The Future is Female: Prints by Women Artists
In 1966, James Brown sang “It’s a man’s world!” Over the past year that statement has been shaken to its knees. Feminism, women’s rights, and women’s stories are front and center in the United States and across the world. The #MeToo and #TimesUp movements have empowered women to continue speaking up about issues of sexual harassment and assault. A record number of women are running for political office, and – although much work remains to be done - women are and being celebrated in every field imaginable.
In printmaking, The Future Is Female, but so is the past. With or without the visibility they deserve, women artists have engaged the art of printmaking from the beginning. Requiring technical mastery, physical strength, and stamina, printmaking—or the art of producing multiple images or impressions from a single plate or matrix—has its origins in 8th century Japan where designs were rubbed onto paper from wooden blocks. By the 15th century in Europe, the availability of inexpensive paper and the invention of the printing press led to a proliferation of printed images in a variety of techniques. The second half of the 20th century witnessed an explosion of interest in the creative potential of printmaking methods such as etching, engraving, lithography, woodcut, and silkscreen among others. Today, women artists continue to use these various techniques to tell their stories, exploring themes such as gender, sexuality, race, ethnicity, and/or economic class.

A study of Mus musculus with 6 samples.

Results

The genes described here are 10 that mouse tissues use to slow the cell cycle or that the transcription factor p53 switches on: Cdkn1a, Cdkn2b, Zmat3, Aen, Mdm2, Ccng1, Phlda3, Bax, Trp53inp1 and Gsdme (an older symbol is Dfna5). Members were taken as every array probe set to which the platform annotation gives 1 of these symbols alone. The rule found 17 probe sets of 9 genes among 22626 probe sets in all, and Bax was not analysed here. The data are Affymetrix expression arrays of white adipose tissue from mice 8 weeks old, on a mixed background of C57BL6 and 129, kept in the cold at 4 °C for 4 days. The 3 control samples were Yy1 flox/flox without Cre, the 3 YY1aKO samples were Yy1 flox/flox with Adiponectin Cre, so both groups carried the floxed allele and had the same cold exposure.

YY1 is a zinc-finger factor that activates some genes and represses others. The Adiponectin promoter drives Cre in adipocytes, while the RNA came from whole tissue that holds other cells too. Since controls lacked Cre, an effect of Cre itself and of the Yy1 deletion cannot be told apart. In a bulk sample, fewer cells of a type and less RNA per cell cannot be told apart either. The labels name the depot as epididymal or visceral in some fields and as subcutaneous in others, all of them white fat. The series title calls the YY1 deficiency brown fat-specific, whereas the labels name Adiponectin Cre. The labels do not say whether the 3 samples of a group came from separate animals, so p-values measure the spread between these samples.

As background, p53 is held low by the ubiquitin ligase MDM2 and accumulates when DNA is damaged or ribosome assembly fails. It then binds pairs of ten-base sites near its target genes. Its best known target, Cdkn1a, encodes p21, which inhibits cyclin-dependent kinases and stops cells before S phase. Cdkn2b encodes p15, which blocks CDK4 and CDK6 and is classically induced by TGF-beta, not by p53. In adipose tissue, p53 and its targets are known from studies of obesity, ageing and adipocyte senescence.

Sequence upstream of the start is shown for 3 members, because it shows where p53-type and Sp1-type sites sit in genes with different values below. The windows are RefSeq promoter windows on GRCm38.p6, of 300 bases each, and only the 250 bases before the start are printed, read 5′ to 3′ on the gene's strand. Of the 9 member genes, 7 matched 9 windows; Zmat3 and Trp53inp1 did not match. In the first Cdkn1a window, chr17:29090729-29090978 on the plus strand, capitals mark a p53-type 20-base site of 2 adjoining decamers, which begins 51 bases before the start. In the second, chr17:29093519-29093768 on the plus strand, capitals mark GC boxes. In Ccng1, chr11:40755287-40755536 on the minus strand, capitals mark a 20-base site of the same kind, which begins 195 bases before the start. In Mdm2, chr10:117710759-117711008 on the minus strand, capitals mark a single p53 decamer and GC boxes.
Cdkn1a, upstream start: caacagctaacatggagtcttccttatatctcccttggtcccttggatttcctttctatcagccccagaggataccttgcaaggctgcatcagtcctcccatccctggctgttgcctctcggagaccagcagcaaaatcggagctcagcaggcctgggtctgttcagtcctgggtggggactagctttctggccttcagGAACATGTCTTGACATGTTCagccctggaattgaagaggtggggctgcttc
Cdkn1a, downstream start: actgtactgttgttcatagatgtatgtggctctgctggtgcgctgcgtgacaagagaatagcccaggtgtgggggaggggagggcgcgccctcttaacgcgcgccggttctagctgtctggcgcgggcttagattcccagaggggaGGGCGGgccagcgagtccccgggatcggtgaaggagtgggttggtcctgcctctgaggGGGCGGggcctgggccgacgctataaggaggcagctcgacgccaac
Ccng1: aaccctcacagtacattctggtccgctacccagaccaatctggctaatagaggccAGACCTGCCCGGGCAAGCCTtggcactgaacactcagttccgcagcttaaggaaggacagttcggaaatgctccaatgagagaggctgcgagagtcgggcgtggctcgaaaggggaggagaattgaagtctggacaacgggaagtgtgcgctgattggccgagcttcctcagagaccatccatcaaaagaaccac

This exhibition highlights contemporary women artists in the LUAG Teaching Museum permanent collection, including Faith Ringgold, Janet Fish, Maud Morgan, Matsubara Naoko, Françoise Gilot, Nancy Spero, Marisol Escobar, Bridget Riley, Carmen Herrera, Belkis Ayón, and Käthe Kollwitz.
THE FUTURE IS FEMALE: Prints by Women Artists continues until May 24, 2019 in The Gallery At Rauch Business Center. Hours are Monday – Friday 8 a.m. – 10 p.m. and Saturday 8 a.m. – 5 p.m.